Litre Smart Water system prevents passive water and energy waste
A solution to the passive hot water waste that occurs during the water warm-up period. In the U.S. alone, up to 360 billion gallons of hot water are passively wasted
In this interview, Adam Friedman, founder of Geology studio, a furniture and product design studio based in Claremont, CA, talks about the origins of his design journey, the focus on locally crafted furniture, and the importance of function and longevity when developing new products.
He also discusses the Litre Smart Water System, winner of 2023 DesignWanted Award (see here all winners), a patented technology that prevents passive water and energy waste, and how it aligns with his design philosophy.
Keep reading to discover more about Adam Friedman’s studio and his award-winning project, Litre Smart Water System, which will be on display at the upcoming ‘Innovation for Living’ exhibition, co-produced by DesignWanted, Designtech, and Isola Design, during Milan Design Week from April 17-23 at La Cattedrale in the Certosa district.
What is Geology studio? How did your design journey begin? Why Geology studio, why focusing on locally crafted furniture?
“Founded in 2012, Geology is a furniture and product design studio based on Claremont, CA. Each piece is designed by Adam Friedman and crafted in Los Angeles. It all started with the Block Chair. I had an idea and a Boffi stylist saw it which led to an opportunity to present the chair at Boffi during the salone. It was a big honor and the business developed from there.
It’s important to us that our furniture is made locally so we can support our local economy, minimize our carbon footprint and maintain close oversight over the detail and craftsmanship of each piece. Every piece of furniture we make has a soul and a we are humbled to be part of that journey. Keeping production local ensures that every piece is made to be an heirloom.
When I am asked about the name,I think about the earth, it is creation of form through time. Once the form has emerged, I say it again. Form through time. How does this form move through time? Meaning how will this design live with you and the trends through the decades.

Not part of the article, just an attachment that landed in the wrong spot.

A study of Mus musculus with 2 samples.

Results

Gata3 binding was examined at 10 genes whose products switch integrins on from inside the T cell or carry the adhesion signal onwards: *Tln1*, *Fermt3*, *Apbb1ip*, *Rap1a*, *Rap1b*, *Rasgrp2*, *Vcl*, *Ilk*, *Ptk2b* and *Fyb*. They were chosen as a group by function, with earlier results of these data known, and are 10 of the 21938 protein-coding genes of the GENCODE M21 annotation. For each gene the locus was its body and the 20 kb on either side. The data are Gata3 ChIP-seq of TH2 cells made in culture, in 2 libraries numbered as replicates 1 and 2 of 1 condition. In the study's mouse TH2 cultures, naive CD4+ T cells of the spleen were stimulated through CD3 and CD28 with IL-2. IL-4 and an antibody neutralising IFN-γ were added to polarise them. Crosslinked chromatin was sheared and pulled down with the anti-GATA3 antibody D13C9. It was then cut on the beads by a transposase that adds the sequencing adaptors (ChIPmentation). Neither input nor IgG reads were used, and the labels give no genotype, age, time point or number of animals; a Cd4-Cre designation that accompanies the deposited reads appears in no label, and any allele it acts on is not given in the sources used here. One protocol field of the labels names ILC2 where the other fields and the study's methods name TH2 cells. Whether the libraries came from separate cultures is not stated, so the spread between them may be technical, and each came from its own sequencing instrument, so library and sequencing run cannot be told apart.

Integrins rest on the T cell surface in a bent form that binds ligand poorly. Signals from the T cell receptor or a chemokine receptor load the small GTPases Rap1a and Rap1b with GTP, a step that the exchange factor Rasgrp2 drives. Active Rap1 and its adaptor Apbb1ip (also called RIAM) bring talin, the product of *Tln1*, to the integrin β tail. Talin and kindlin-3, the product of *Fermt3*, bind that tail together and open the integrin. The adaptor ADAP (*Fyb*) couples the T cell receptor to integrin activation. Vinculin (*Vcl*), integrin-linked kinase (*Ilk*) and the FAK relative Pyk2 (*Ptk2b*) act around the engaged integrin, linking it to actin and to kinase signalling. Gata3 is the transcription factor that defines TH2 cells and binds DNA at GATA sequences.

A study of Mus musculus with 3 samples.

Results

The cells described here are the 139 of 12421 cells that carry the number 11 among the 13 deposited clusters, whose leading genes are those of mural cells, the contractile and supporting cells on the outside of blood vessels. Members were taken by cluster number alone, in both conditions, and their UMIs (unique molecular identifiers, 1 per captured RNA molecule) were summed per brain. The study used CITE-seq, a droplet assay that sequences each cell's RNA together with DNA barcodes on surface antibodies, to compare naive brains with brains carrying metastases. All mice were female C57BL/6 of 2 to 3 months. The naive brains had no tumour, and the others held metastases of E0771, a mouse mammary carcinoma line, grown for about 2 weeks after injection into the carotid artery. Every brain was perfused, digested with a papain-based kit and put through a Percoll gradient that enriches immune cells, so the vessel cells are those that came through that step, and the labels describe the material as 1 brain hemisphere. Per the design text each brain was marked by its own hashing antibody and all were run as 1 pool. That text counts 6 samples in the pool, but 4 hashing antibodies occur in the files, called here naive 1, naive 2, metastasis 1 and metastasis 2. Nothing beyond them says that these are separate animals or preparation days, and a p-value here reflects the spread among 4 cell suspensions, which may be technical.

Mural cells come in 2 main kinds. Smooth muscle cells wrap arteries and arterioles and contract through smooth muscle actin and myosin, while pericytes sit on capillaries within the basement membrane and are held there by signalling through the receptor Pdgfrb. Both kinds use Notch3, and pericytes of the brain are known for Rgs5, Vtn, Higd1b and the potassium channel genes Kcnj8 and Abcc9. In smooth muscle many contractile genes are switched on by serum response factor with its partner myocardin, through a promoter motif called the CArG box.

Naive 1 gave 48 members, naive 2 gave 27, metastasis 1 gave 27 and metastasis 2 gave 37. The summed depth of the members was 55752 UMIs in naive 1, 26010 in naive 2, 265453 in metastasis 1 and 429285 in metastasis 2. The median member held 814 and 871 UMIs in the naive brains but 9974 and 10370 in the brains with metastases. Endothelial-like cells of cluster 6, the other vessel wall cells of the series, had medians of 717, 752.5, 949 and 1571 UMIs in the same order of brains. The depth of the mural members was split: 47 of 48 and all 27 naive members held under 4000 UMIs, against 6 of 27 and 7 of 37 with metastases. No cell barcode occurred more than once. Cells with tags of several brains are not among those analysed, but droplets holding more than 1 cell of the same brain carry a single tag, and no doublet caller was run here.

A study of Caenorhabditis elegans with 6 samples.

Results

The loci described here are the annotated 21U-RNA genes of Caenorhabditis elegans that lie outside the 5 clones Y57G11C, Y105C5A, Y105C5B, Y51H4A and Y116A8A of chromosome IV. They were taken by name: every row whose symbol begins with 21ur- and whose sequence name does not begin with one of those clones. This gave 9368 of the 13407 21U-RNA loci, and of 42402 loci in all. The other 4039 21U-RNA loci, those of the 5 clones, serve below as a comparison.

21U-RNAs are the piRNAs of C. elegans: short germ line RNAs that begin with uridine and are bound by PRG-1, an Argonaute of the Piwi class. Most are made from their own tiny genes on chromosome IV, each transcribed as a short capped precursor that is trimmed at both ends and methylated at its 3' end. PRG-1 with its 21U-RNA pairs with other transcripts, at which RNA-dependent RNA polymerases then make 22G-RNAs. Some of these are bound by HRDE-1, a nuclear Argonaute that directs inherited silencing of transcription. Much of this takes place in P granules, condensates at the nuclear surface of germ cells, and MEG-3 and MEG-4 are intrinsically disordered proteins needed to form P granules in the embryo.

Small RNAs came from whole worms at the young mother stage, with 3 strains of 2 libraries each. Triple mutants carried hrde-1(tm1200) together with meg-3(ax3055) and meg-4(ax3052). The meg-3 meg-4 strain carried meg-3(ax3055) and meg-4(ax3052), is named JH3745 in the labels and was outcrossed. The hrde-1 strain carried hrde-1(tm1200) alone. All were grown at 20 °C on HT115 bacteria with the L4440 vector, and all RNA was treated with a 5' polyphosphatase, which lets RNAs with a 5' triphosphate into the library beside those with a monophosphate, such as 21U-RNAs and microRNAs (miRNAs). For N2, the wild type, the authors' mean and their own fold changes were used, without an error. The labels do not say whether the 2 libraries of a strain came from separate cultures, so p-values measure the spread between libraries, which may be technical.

I have many pieces in development. I can live with my pieces for years. This is what I call my “erosion” process. It’s a way I can reveal what’s important and get rid of anything unnecessary.”
Your studio won the DesignWanted Award with Litre Smart Water System, a patented technology that prevents passive water and energy waste, which is very different from the type of design you showcase on your website. How did you come up with the idea?
“I can see from the outside that Litre and the furniture seem miles apart, however in my mind there is no difference. I would say the approach of bringing an idea or a solution to the world is always the same.
We wanted to make it easy for people to conserve water and Litre is what came of that desire.
The idea for automating faucet control came initially came in 2008 and patented a few years later. Over the years the true benefit of the design/ and patents became more clear. As Californians, we live in a state that is highly affected by drought as many areas are. My business partner and wife Vanessa Friedman decided we should expand our portfolio to include products that benefit the planet.”
How would you describe your design philosophy?
“It depends on the piece. Every project has a different purpose and needs to be cultivated with specific guidelines or seen through a specific lense.
Taking the our Open 45 credenza, for example – all components that make up the form have only the job in supporting that task.
I always like my foundation to be its function. The Block furniture is an exploration of a new form of upholstery, durable without the trappings of upholstery; color, pattern, staining, damage. The wood it is timeless and with wear comes a beautiful patina but is engineered to have the softness and comfort of an upholstered piece.
If it’s an exploration of form, take for example the Fig stool or Baleen tables. I asked myself, how can I stretch the composition? How can I play on existing ideas?”
What are the aspects that you focus on the most when developing new products?
“Function and longevity.”
From an industrial design perspective, which are your vital tools, resources, and methods for you during the design process?
“The most important thing for me is to build it, understand a piece in its environment over time. Sometime a piece needs months, sometimes years. That’s when the important changes become clear.”
What is the next step for Geology studio?
“We are currently developing something special for home audio.”